Parklife Festival (cap. 80,000) and Warehouse Project co-founder Sacha Lord, Boomtown Fair (66,000) operations director Judy Bec, Artichoke CEO Helen Marriage and LIVE CEO Jon Collins took to the Access All Areas conference main stage at the Event Production Show to discuss the priority industry-wide issues that need tackling in the coming year.

Lord said an acute shortage of live events personnel continues to present huge challenges for the entire industry: “The first Parklife after the pandemic, with just three weeks to go, we nearly had to pull the event because we didn’t have enough security. We’ve always taken it from Manchester, Leeds and Liverpool but we were busing them in from all over the UK, and as far away as Cornwall.”

He said the Government should lower the post-Brexit visa requirements to allow people from oversees to come and work for less money: “You have to earn a minimum of £28,000, now I’m arguing we need better pay, but let’s reduce that now to £21,000 to get people back into the industry as quick as we can.”

Marriage agreed that a major priority for the industry must be attracting people back to work in it: “Getting a new generation of people interested in training in our industry; production managers, riggers, lighting technicians – there’s a generation missing. The old guys are all going at the top and where are the new people coming in?”

Lord said freelancers had been “thrown under the bus” during pandemic, and the introduction of the IR35 off-payroll working rules, that make sure a contractor pays broadly the same Income tax and National Insurance as an employee, was unfair.

“Freelancers got hardly any support at all during the pandemic period, and just as we reopened, they introduced IR35 which was another kick in the balls for them,” he said. “So, I would say look at IR35 again, and maybe drop that.”

Live music industry umbrella organisation LIVE (Live music Industry Venues & Entertainment) is a federation of 14 live music industry associations. Collins said LIVE’s number one priority is persuading Government to cut VAT on tickets back to the pandemic level of 5%.

“Bringing back the 5% rate would put us in line with Europe, and allow us to do more,” he said. “You talk to agents and promoters about tour programming and event programming and with VAT at 5% they would do extra [regional] arena shows , they would do Aberdeen, they would do Leeds as well as Manchester and do an extra night in London.

“The National Arenas Association worked out that for every 10,000 people that go to an arena show £1 million goes into the local economy. That’s about £100 per head spent in that local economy.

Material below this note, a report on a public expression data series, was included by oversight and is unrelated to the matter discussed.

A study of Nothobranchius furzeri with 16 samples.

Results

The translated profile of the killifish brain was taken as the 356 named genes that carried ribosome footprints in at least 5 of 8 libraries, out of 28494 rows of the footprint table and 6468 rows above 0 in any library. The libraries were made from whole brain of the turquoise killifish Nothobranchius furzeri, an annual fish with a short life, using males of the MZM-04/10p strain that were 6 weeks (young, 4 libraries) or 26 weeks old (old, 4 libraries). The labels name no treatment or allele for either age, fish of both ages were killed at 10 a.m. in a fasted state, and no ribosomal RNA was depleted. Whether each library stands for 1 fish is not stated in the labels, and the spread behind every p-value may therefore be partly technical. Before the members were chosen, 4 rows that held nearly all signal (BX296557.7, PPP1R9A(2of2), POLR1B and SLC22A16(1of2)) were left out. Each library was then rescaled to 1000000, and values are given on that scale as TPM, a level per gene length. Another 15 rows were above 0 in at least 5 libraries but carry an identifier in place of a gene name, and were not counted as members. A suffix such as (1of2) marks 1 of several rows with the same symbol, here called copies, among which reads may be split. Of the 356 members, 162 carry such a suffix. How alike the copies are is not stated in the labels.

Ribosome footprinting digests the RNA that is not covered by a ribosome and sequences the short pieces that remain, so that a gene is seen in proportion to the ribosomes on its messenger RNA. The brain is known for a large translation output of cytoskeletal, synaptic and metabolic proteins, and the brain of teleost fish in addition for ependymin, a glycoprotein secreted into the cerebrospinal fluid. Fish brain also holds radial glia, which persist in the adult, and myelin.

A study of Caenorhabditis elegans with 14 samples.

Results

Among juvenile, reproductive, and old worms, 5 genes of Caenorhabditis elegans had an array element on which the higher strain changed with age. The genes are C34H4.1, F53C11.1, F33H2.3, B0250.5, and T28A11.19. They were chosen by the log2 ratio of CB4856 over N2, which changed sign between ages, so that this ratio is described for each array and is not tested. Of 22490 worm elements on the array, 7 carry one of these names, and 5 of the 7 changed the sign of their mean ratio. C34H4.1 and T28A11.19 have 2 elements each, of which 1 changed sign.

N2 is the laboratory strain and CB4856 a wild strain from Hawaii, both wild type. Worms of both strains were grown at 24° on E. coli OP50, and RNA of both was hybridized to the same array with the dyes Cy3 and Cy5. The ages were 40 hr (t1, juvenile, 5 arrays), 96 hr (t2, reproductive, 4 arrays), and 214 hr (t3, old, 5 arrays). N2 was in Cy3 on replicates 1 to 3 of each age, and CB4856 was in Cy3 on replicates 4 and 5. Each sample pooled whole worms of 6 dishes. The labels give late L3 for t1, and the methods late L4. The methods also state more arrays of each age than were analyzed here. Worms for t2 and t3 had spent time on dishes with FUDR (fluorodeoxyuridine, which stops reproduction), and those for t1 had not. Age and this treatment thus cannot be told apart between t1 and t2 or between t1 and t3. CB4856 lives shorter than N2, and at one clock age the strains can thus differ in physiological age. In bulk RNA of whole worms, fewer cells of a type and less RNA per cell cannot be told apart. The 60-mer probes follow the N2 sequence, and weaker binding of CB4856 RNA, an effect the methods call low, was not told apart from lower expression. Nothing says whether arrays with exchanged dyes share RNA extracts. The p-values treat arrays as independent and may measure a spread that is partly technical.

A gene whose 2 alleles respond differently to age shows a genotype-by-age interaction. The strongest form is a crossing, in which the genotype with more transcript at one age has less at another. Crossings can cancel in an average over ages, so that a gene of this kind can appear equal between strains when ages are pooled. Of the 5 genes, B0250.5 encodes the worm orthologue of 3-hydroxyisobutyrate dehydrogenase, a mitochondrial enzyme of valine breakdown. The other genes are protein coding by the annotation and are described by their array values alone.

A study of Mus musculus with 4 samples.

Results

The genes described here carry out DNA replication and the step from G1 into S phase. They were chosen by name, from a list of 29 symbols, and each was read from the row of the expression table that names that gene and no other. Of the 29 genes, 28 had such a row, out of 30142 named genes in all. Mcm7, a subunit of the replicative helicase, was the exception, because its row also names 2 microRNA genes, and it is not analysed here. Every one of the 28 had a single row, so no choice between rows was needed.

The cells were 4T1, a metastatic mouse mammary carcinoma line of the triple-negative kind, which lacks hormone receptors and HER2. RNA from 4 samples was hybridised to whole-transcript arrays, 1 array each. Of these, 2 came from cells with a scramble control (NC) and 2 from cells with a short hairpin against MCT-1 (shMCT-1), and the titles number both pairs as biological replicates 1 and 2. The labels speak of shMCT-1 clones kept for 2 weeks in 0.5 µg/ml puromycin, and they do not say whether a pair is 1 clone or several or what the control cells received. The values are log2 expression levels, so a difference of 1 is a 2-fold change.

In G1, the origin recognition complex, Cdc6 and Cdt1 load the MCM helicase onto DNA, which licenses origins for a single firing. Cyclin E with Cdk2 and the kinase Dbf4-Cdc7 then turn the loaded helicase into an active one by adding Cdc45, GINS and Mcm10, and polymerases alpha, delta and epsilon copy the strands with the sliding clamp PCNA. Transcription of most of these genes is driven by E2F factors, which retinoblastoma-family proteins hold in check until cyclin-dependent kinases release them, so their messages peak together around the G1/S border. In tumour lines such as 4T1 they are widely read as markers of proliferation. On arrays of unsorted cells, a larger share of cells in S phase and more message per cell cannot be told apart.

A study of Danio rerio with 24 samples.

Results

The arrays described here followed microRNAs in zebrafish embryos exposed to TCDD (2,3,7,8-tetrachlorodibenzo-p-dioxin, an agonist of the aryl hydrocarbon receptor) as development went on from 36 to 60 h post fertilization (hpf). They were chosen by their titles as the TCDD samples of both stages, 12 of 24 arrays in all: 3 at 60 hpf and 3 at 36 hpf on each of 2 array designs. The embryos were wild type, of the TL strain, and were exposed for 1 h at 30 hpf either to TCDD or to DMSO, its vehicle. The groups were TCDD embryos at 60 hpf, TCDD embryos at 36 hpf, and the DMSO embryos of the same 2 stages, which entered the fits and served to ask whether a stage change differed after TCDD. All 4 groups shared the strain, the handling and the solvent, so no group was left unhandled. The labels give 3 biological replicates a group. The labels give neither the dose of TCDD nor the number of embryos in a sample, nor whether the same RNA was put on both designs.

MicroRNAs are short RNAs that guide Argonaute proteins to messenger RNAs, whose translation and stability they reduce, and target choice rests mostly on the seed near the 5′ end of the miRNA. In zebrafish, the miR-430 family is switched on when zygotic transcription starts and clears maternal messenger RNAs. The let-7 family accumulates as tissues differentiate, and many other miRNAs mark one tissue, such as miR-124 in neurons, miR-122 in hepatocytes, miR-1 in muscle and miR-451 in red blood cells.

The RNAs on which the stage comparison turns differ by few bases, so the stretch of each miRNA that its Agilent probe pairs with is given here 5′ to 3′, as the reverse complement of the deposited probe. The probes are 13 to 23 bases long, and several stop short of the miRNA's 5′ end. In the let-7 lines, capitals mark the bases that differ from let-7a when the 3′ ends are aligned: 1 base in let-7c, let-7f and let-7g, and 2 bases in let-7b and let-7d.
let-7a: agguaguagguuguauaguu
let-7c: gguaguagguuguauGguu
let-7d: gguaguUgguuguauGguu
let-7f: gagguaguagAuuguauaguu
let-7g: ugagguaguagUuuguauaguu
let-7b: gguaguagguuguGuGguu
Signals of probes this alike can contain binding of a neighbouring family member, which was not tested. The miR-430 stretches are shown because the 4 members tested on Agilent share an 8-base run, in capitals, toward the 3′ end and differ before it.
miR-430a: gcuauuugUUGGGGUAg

“That is all extra money we would be generating for UK PLC. It’s also giving people wonderful nights out, so far and away for us the most important thing is VAT at 5%.”

Since its launch in 2006, Artichoke has presented many huge, free-to-attend, events in city and town centres. Among them was the company’s presentation of Royal de Luxe’s The Sultan’s Elephant, which drew a crowd of 1 million in central London. Despite the success of its events, Marriage suggested Government does not reflect their impotence and the key target for industry campaigning should be the Treasury.

“If you’re giving something away for free, however big, however many millions of people you have on the street, however much income you generate, it’s not considered serious. We, as an industry, have failed to make those arguments stick, not with the DCMS who I’m sure get it, but it’s the Treasury in the end that makes those decisions. So, if you can’t persuade the Treasury of the value of what you’re doing, you’re done for.”

Boomtown Fair head of operations Judy Bec expressed concern about how audience behaviour had changed since the pandemic, not only in terms of when and if they buy tickets but what they do once on site.

“We did two years of rollover tickets, so it’s really hard for us to do that sort of backwards comparison and gauge whether or not we’re on track in terms of ticket sales, but ticket buying behaviour does seem to be changing,” she said. “The cost-of-living crises is leading people to be a lot more careful about what they’re spending their money on, and festivals are a high-level cost.

“Behaviour when they arrive is also changing, we’ve got a very different audience now. [At last year’s event] our audience was already two years older than they were when they bought their tickets. In many cases, they hadn’t had the experience of going to events for two years, so we were having to retrain people in how to behave.

“Covid gave people a lot of time for self-reflection and it highlighted people’s vulnerabilities. I think that now the vulnerabilities have really come to the surface, and they are needing more support.”

Despite all the problems caused by Covid, Lord said there was one positive that has come out of it for the live events industry: “Very quickly the public got behind our industry because they realised the damage Covid had caused to the sector, and they realised we weren’t getting the support that we should have done.”